ESPN’s Operations Efforts for Season-Opening ‘Mini’ MegaCast Are Anything but Mini
Four mobile units, Bristol-based control rooms support seven viewing options for Ohio State-Indiana
ESPN has placed its stamp on its coverage of the College Football Playoff over the past few years —and brought a new word into the sports-television lexicon — by offering fans the “MegaCast,” one of the most robust live video-production offerings in the industry.
In January, ESPN offered 14 ways to watch the CFP National Championship Game between Clemson and Alabama. Tonight, as part of its coverage of a college-football–season opener between Ohio State and Indiana, ESPN is dusting off the MegaCast for its regular-season debut, offering seven of the most popular MegaCast options. Internally, they’re calling it a “mini MegaCast,” but don’t be fooled, this production and operations effort is anything but mini.
ESPN offered the MegaCast on College Football Playoff games last winter, bringing fans 14 ways to watch. For the season opener between Ohio State and Indiana, fans will have seven broadcasts at their fingertips.
“The MegaCast has become the ultimate example of how our company can take all of our different groups and work together to create this really cool product for fans,” says Jarrett Baker, an associate manager for ESPN. “No matter how you choose to watch a football game, when it comes to the MegaCast, we hit all of the options that you would like.”
Mini but Mighty
Compared with the compound outside the CFP National Championship Game, sure, the space is smaller. However, ESPN has rolled up four mobile units outside Indiana’s Memorial Stadium, including F&F Productions’ GTX-18 (which will anchor the main game coverage on ESPN) and Lyon Video 3 (which is onsite to support ESPN’s College GameDay) to support the efforts.
Also, since the truck-dock area is smaller than a CFP National Championship Game venue might offer, ESPN is using plenty of at-home, or REMI, production elements to help add to the collection of viewing options. The network is using a combination of fiber and satellite transmission, with a 12-path fiber mux out (PSSI Global Services is handling the encoding) from Indiana to Bristol, CT; a two-service satellite mux outbound that backs up the game and College Gameday; and four fiber paths coming back to site from Bristol.
BSI is on hand to support the production with five Blue Steel microphones, two RF handheld links, a pair of RF talent monitors, and wireless comms. An Illumination Dynamics generator is also positioned to add extra power for the expanded compound.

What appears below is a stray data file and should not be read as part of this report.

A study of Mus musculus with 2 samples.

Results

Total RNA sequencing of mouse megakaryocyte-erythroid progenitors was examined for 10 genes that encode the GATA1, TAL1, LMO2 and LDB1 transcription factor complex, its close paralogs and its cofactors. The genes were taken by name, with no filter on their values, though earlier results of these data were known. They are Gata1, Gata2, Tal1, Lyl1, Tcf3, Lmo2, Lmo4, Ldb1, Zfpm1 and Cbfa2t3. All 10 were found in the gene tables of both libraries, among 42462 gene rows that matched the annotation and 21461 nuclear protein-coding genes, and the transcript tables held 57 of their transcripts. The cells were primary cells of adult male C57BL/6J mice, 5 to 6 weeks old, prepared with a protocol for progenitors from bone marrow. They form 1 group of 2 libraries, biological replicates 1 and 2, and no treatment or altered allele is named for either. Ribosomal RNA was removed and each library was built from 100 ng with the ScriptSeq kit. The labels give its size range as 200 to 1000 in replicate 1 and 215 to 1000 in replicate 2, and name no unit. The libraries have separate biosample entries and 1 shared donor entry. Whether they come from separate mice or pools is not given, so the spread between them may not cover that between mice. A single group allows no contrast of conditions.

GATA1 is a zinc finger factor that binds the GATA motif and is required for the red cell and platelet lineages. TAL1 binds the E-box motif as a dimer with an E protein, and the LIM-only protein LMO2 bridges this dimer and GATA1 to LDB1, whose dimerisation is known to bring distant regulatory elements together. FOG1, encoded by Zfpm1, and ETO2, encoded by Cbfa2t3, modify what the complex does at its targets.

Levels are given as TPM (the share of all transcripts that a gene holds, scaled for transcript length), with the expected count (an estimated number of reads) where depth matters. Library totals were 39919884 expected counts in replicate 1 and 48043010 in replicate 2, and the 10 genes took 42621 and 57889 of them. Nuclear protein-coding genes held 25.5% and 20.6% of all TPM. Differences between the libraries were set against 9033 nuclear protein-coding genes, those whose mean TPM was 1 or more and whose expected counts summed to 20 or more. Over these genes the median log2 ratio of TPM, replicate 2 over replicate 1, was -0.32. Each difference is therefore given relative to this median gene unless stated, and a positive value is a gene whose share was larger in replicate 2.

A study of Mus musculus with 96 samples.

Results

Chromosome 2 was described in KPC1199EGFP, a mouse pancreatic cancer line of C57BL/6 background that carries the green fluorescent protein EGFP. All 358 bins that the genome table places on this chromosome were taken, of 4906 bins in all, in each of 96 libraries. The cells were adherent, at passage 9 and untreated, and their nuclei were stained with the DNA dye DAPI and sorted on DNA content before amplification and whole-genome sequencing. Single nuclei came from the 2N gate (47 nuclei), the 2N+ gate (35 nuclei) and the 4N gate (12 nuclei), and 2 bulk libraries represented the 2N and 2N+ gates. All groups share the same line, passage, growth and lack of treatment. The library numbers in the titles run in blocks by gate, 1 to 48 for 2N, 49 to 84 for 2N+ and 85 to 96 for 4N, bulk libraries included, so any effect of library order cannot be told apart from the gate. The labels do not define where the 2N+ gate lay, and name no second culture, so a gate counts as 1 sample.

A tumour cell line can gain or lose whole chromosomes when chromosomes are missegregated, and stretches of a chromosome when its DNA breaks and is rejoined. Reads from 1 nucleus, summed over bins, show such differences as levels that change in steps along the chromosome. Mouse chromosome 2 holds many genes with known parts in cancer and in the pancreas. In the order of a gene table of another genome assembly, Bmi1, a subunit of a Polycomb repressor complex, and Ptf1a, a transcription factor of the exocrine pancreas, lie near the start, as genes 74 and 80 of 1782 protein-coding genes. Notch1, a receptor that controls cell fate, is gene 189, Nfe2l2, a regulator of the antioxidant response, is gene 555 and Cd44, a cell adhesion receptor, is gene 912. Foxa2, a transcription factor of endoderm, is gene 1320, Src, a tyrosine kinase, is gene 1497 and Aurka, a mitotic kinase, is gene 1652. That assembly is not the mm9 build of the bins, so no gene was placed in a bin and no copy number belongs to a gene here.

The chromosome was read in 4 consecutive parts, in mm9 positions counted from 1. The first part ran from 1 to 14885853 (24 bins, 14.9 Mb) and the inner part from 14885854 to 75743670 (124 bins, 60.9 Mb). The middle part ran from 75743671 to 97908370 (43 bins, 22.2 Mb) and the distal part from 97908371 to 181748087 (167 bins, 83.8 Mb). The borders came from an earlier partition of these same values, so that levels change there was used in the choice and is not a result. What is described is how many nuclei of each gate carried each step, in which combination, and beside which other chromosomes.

Seven Unique Broadcasts
The seven viewing options available to fans are the traditional telecast on ESPN, Coaches Film Room on ESPNNEWS, the Homers Telecast on ESPNU, and the All-22, Command Center, Data Center, and SkyCam feeds streaming on ESPN3.
“The importance of the game, combined with its being on a Thursday, provides us with ideal conditions to utilize the MegaCast production for college-football fans,” says Ed Placey, who is serving as coordinating producer on the entire MegaCast effort.
Coaches Film Room proved to be one of the more popular viewing options during College Football Playoff games. The show places current and former head coaches in one of ESPN’s Bristol studios and allows them to break down the game in real time. An ESPN release even notes that, several times throughout the telecast, the show will remain live even when other networks showing the game go to commercial break. This will allow the coaches to continue to break down critical action that just took place.
In the workflow for the All-22 offering on ESPN3, the clean feed of the wide-sitting–camera angle will be fibered directly to Bristol, where the yellow First & Ten line will be inserted in a control room before the final production is sent off for streaming.
As for the traditional television production on ESPN, the network has deployed 14 game cameras, eight hard and six handheld. Two of the handhelds are RF and will be used heavily to offer unique camera angles for the Homers Telecast. There will also be one Sony HDC-4300 shooting in super-slo-mo. The game will be produced by Scott Matthews and directed by Jeff Evers.